Employee feedback can increase retention and productivity by guiding wanted adjustments to HR policy.

By Debbie Bolla

It’s an extremely challenging labor market and HR leaders simply can’t afford to lose their own talent. Organizations will need to be thoughtful in their approaches considering these statistics. Achievers’ 2021 Engagement & Retention Report revealed that one in five (19%) U.S. employees felt completely disengaged in their roles, a concerning number when 52% reported they were planning to look for a new job this year. A solution? Ongoing and frequent pulse surveys that track employee feedback and provide actionable advice.

“It is more important than ever for HR leaders to monitor employee sentiment as it is the best available tool for ensuring employee retention and to guide needed adjustments to policy or benefits,”  says Hannah Yardley, Chief People and Culture Officer for Achievers. “By frequently reevaluating what employees want and need, HR teams can ensure they provide meaningful value to their current workforce in ways that improve overall sentiment.”

Pulse surveys are a key tool for HR leaders to gain a deep understanding of what’s working—and what’s not—at their organizations. Today’s employees are looking to have their voices heard by their employers. This approach provides timely, relevant feedback and helps track employee engagement.

“By identifying the most critical engagement factors, it allows companies to focus their resources on what matters most to their employees,” says Yardley. “From there, continuing to measure engagement and sentiment as organizations implement new initiatives will allow leaders to understand where change is needed.”

Yardley also advises pairing pulse surveys with actionable change, a critical step that can be overlooked and cause further disengagement. These actions are most often done at the organizational level, but to distill it down to the source, consider the micro-actions that reflect the changes needed at the department, team, and individual level. When  employee input and feedback are acted upon,  90% of workers say they are more likely to stay with that organization.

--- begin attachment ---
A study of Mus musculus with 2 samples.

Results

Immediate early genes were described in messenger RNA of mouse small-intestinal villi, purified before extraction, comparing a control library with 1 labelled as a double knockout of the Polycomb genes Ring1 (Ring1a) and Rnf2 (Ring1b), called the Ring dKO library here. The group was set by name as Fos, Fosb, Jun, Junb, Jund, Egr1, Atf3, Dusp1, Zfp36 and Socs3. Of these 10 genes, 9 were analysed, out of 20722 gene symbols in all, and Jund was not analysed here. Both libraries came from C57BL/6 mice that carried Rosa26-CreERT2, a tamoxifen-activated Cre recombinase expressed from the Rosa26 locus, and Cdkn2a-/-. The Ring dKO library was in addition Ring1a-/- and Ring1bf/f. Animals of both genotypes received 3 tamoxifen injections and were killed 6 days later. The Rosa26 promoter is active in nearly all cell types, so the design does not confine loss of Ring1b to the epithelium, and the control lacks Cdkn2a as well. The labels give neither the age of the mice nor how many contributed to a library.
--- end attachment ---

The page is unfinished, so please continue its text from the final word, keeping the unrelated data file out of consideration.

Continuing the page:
“Pulse surveys ensure that leaders understand what employees need as working conditions change, especially while navigating challenges associated with the pandemic,” Yardley explains. “In addition, make sure to ask the same or comparable questions on a weekly, monthly, or quarterly basis so you can track the company’s progress in a specific area.”

Here are some other best practices to make the most of pulse surveys and employee feedback.

  • Have a specific purpose. Be clear and transparent about the reason for the survey. For example, a survey may seek feedback on recently implemented changes, or general input on job satisfaction.
  • Make sure questions are audience appropriate.If employees don’t understand a question, they may skip it, or randomly select an answer, which will produce inaccurate results.
  • Ask action-oriented questions. These questions will help leaders understand if employees see actions taken as a result of their previous participation in a survey. For example, gathering agreement levels to the statement, “I have seen positive changes take place on basis of our previous survey results,” will help paint a clear picture. Similarly, if there is no intention to action the changes in response to a question, it’s best not to ask the question in the first place!
  • Keep the survey length short and easy to answer. Pulse surveys are supposed to be quick and easy to complete—think 5-15 questions max. Adding a few more questions can decrease participation and result quality.

There’s no one-size-fits-all approach to employee engagement surveys, so organizations need to tailor their strategy to meet their specific needs and business goals to help avoid unwanted attrition.